Synopsis: Check certificates for Citrix FAS.
When something goes wrong with Citrix FAS, certificates are the prime suspects. The Authorization certificate is the key player here.
By default, those certificates will last for two years. The bad thing is, there is no actual clear warning when that expiration date is approaching, or worse, has passed. So the one thing you will see is users complaining they can no longer launch published applications.
In more recent versions of FAS, the certificate is there in the FAS GUI. But still, that's not something you open every day. So, where are those certs stored? Unfortunately, I could not find a clear answer in the documentation. I found out they are stored in the Personal certificate store of the "Network Service" account. You can not log on interactively with that account. You can't even open mmc.exe, add the Certificates snap-in and choose to open it for a service account. The one thing that does work:
PsExec64.exe -i -u "nt authority\network service" mmc
PsExec is part of the Sysinternals suite. So the next step is to load the Certificates snap-in, and you can see the certificates and, more importantly, the expiry dates.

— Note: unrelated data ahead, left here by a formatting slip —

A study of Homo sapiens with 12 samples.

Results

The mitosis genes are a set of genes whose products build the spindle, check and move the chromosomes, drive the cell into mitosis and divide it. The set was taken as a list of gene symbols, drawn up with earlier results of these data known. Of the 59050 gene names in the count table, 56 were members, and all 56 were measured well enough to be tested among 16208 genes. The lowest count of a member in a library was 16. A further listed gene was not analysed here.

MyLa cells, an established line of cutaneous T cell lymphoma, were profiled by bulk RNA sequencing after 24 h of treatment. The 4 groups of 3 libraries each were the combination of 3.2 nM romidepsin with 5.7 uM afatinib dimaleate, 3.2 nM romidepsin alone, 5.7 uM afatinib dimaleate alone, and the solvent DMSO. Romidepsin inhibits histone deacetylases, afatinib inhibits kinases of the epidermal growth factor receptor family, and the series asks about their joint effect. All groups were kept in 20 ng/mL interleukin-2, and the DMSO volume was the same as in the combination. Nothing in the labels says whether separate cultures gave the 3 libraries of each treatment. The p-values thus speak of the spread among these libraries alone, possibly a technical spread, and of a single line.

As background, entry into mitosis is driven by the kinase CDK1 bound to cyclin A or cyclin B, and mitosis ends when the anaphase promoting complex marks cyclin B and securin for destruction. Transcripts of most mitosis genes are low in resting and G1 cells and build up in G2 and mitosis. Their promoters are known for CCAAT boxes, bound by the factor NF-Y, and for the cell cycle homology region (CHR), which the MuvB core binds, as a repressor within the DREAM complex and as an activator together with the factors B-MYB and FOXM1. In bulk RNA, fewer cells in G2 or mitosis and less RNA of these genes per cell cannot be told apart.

And now to the fun part. You don't have to run mmc.exe; you can also run PowerShell. And run the CertCheck.ps1 from my toolbox. The ultimate goal of that script was to write an alert to the event log. However, that's not possible. The CertCheck.ps1 needs to run as the "Network Service" account. And that account does not have the right to write to the event log. So instead, the CertCheck script will output a CSV file, which can be picked up by another script (WriteEventlog.ps1).
The script loops through all certificates, finds the Authorization certificate, and determines if there is a need for action. It will generate a message if the certificate has already expired or expires in 1/7/30 days. This should give you ample time to take action.
You should be able to run the CertCheck.ps1 script as a scheduled task using the "Network Security" account. And a separate scheduled task for the WriteEventlog script.
You can find both scripts on my GitHub here.